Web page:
When I was in grade four, I was in the same class as my best friend. We at lunch together, played soccer together, and we liked the same things; clothes, music, movies. We spent most of our time at school as a duo.
One day, about halfway through the school year, we began to fight. I don’t remember what the fight was about, but I do remember feeling angry, hurt and stubborn. I shouted mean names and stormed off in a huff. Outside during recess, my teacher approached me and kindly asked, “Tell me what’s going on with the two of you.” With her help, I was able to think through the conflict, and articulate my feelings to my friend, move forward in our friendship.
Over the years I’ve thought about that conflict, and how my teacher went out of her way to help me work through it. Even in the midst of a busy day, she took the time to help me work through this problem. When I think about this conflict, I don’t remember why we were arguing, but I do remember feeling valued and heard.
Conflict can feel inconvenient, particularly when you’re not involved in it.
When we’re spending time with children and youth, we’re often called into conflict that is not our own. It happens when a young person approaches you to share about a situation. It happens when we hear conflicts erupting and call for a break. It happens when gossip slips out behind backs.
As adults, when we’re focused on a task or consumed by busyness, it’s easy to push small conflicts to the slide, with a simple, “We’ll talk about it later.”
But, how often have we (myself included!) forgotten to come back to the conflict? When is “later” as a busy parent or educator?
When we don’t talk about it later, we’re sending the message that the problem and the corresponding feelings and relationships don’t matter.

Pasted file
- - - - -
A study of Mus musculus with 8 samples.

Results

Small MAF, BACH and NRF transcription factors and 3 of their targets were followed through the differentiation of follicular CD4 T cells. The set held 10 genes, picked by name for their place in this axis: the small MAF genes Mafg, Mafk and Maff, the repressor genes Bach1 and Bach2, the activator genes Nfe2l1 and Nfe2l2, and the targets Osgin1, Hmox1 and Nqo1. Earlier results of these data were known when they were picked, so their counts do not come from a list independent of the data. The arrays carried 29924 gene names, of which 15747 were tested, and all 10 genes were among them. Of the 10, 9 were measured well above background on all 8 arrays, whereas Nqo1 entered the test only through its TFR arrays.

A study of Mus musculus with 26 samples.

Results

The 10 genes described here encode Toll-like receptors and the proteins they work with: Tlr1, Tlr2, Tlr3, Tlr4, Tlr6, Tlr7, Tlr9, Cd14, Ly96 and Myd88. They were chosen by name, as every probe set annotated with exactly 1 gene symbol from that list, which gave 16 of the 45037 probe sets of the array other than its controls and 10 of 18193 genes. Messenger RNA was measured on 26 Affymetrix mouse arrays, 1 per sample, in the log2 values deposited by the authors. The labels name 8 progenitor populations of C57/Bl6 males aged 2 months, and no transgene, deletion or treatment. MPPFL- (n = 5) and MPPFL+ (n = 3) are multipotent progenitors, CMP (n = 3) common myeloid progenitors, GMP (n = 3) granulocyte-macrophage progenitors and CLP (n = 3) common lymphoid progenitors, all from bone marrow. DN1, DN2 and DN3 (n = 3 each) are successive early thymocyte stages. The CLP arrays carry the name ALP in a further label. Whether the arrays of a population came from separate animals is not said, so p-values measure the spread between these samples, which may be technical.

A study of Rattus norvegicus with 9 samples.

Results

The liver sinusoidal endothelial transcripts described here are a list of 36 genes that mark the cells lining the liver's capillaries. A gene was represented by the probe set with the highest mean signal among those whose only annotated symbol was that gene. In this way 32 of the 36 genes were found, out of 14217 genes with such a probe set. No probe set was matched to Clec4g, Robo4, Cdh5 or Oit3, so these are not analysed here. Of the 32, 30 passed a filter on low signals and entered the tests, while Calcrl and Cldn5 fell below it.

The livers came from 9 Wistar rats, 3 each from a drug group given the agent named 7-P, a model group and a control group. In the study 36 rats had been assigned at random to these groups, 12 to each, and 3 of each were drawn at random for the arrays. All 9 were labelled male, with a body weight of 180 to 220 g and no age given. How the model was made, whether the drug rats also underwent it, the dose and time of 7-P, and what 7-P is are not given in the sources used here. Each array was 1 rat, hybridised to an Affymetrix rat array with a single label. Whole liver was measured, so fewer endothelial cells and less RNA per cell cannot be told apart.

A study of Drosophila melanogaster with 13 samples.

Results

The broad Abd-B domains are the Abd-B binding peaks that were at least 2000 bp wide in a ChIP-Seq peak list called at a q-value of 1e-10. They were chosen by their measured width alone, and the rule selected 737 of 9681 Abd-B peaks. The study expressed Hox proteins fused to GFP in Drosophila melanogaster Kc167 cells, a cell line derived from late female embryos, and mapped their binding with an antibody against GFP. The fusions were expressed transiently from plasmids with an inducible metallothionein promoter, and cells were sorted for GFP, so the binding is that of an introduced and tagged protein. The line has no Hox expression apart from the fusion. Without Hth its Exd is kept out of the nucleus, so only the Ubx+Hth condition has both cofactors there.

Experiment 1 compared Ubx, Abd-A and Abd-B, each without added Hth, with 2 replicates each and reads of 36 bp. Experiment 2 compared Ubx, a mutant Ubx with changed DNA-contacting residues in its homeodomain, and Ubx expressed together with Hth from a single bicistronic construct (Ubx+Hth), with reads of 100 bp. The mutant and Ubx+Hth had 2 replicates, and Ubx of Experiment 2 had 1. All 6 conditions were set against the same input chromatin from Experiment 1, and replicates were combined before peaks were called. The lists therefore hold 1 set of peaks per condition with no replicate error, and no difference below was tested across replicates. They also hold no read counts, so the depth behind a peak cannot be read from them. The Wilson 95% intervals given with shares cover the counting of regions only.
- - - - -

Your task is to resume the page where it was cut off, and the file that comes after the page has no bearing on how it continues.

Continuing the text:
In my work with TREE, I often encourage folks who are helping young people manage their conflicts to make conflict conversations a priority.
Interested in making sure that “talking about it later” happens?
Here are two questions to ask yourself.
1. How will I make time?
Create time in your day that you know you’ll come back to it and stick to it. Then, when you say, “Let’s talk about this later,” add specific details to communicate when you plan to talk about the conflict.
For example, “Let’s talk about this later, after dinner,” or “Let’s talk about this later, during independent study period.”
Initiating this structure for conflict conversations will create space for the young people in your life to bring discuss their side of the story, their feelings about the situation and to problem-solve together.
2. How will I make it routine?
Is there a consistent time within your routine for conflict conversations to easily integrate? Maybe it’s part of your classroom clean-up at the end of the school day or during silent reading time. Maybe it’s on the way home together or at the dinner table. Find a time that you can stick to that makes sense within your regular routine, and add a reminder.
How do you make conflict conversations happen? We’d love to hear your thoughts below!
Stay tuned for our tips to have conflict conversations in our next pos.
Katie Gingerich is the founder and director of TREE, and is an active participant of the Kindred Credit Union Centre for Peace Advancement. Since 2012, she has developed peace education programs for camps, community groups, and classrooms, and is passionate about giving youth the tools they need to transform conflict and seek justice.